Hospital pod proposal pitched for Chesterville factory site

A recent overhead shot of 171 Main Street North, with inset image from SNC-Lavalin PAE's proposal document to assemble a substantial mobile health unit on site from shipping containers.

Nelson Zandberge
Nation Valley News

CHESTERVILLE — A model field hospital made of shipping containers could be erected outside the former Nestlé factory in advance of a possible federal purchase of several such facilities, which would be stored unassembled at the Chesterville site and deployed around the country as required. Full assembly of the first demonstration model by a military-connected contractor — containing as many as 20 beds — awaits only a green light from Public Works and Government Services Canada (PWGS).

So says the spokesman for the “mobile health unit” (MHU) proposal, Robert Spencer, president of SNC-Lavalin PAE, who received North Dundas Council’s OK on Tuesday to temporarily relax the township noise bylaw should construction on the model proceed outdoors at the 171 Main Street North address.

A 17-year-old  joint venture between the storied Montreal engineering firm and American defence services contractor Pacific Architects and Engineers, SNC-Lavalin PAE has specialized in logistical and engineering support for Canadian military deployments in places like Bosnia, Afghanistan, Kuwait and — until recently — Iraq, according to Spencer.

A 32-year veteran of the Canadian Forces, the retired airforce logistics officer tells NVN the venture has now set its sights on creating containerized field hospitals equipped with a mix of regular and intensive-care beds for the Canadian civilian marketplace as part of the country’s COVID-19 response. Spencer alternatively describes them as “mobile respiratory care units.”

“They can be situated adjacent to a hospital or in a standalone manner in a small community, for example, that might not have a major healthcare facility,” Spencer explains. “So they’re very mobile and scalable and modular in that they can be configured for any number of beds.”

“All we have right now is an approved design, and we’re waiting on the government to tell us either to pause or to please go ahead and demonstrate.” He expects the government to signal its intention within days or as long as a couple of months from now. If given the go-ahead to produce the model hospital, he suggests it’s likely to have a capacity of 20 beds along with admission, laboratory and staff areas — all comprising about 50 interconnected sea containers in that case. Assembly of the mock-up should take a week after the 20- and 40-foot containers are pre-cut and manufactured by contractors in Ottawa and Montreal.

However, Spencer envisions the “lego-like” modular system being scaled up to complexes as large as 100 beds. The Canadian government, he says, may be in the market for up to 10 facilities of that size. But first, officials will have to like what they see if the model is built.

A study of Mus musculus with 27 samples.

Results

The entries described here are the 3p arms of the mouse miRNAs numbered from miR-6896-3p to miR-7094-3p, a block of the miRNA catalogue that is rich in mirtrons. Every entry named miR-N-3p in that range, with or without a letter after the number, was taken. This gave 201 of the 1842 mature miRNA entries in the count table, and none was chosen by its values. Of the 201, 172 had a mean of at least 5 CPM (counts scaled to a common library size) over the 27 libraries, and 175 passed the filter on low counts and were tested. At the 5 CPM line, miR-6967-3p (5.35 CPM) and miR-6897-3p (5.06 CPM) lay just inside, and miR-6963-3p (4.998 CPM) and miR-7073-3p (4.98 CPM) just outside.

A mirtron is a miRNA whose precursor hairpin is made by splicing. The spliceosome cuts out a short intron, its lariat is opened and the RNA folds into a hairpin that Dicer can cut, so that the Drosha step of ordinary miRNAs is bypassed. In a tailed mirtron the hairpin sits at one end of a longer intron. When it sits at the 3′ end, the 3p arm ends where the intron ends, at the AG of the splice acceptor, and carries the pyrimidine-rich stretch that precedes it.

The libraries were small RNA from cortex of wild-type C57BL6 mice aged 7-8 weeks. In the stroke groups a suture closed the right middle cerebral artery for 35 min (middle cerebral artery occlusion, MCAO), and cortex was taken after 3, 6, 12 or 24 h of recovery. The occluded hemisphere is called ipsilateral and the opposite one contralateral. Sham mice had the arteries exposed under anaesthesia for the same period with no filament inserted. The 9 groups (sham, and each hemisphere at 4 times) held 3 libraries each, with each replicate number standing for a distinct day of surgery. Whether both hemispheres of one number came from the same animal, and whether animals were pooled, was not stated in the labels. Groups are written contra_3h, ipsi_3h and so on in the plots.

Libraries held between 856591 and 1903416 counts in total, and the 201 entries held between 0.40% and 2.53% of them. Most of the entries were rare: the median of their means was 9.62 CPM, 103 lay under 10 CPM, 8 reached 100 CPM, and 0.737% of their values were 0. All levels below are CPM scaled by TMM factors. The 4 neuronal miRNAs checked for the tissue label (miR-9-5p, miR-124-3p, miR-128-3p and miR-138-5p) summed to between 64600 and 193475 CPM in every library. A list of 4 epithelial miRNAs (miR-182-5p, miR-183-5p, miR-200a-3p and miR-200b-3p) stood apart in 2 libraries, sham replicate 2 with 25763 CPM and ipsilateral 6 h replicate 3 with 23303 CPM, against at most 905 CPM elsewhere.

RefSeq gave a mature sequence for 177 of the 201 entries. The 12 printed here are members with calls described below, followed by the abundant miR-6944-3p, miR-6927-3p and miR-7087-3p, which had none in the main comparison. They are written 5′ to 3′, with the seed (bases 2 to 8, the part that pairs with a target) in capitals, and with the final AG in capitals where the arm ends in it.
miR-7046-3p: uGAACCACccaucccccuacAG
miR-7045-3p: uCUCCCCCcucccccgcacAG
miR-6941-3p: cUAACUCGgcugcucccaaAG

When not needed, such ready-to-go complexes would be stacked and stored outdoors at the Chesterville site — to be deployed across the country in the event of outbreaks or various disasters, such as a hospital burning down. The government has not yet indicated what it’s willing to spend, he says, nor would Spencer tip his hand on what the developers hope to collect per unit.

No actual manufacturing — i.e. cutting of steel — will occur at the Chesterville site, he emphasizes, just assembly and storage at what he deems a “logistical hub” for the joint venture.

Noise and truck traffic won’t approach the levels seen at the address when it was still a Nestlé coffee factory, he suggests, noting that Deputy Mayor Al Armstrong made that salient observation at the last council meeting.

He also hopes to host a community day for locals to check out the project, should the initial demonstration assembly get the go-ahead from the feds, “so you could come out and see what you’re community is contributing in the country’s fight against COVID-19.”

In May, SNC-Lavalin PAE started leasing 55,000 square feet at the former factory owned by IDP Group Inc., with potentially another 75,000 available if required. He calls the place “a great combination of large indoor warehousing and also expansive outdoor space for assembling the mobile respiratory care units.”

Ironically, the IDP Group earlier came forward with a proposal to produce intensive-care pods targeting the long-term care sector, out of similarly repurposed shipping containers. That project, however, is unrelated to the plans of IDP’s latest tenant, according to Spencer, who says that SNC-Lavalin PAE coincidently became aware of the property through a broker in Montreal.

He says they have only one competitor, based in Vancouver, operating in the Canadian market.

See the SNC-Lavalin PAE proposal in full, below.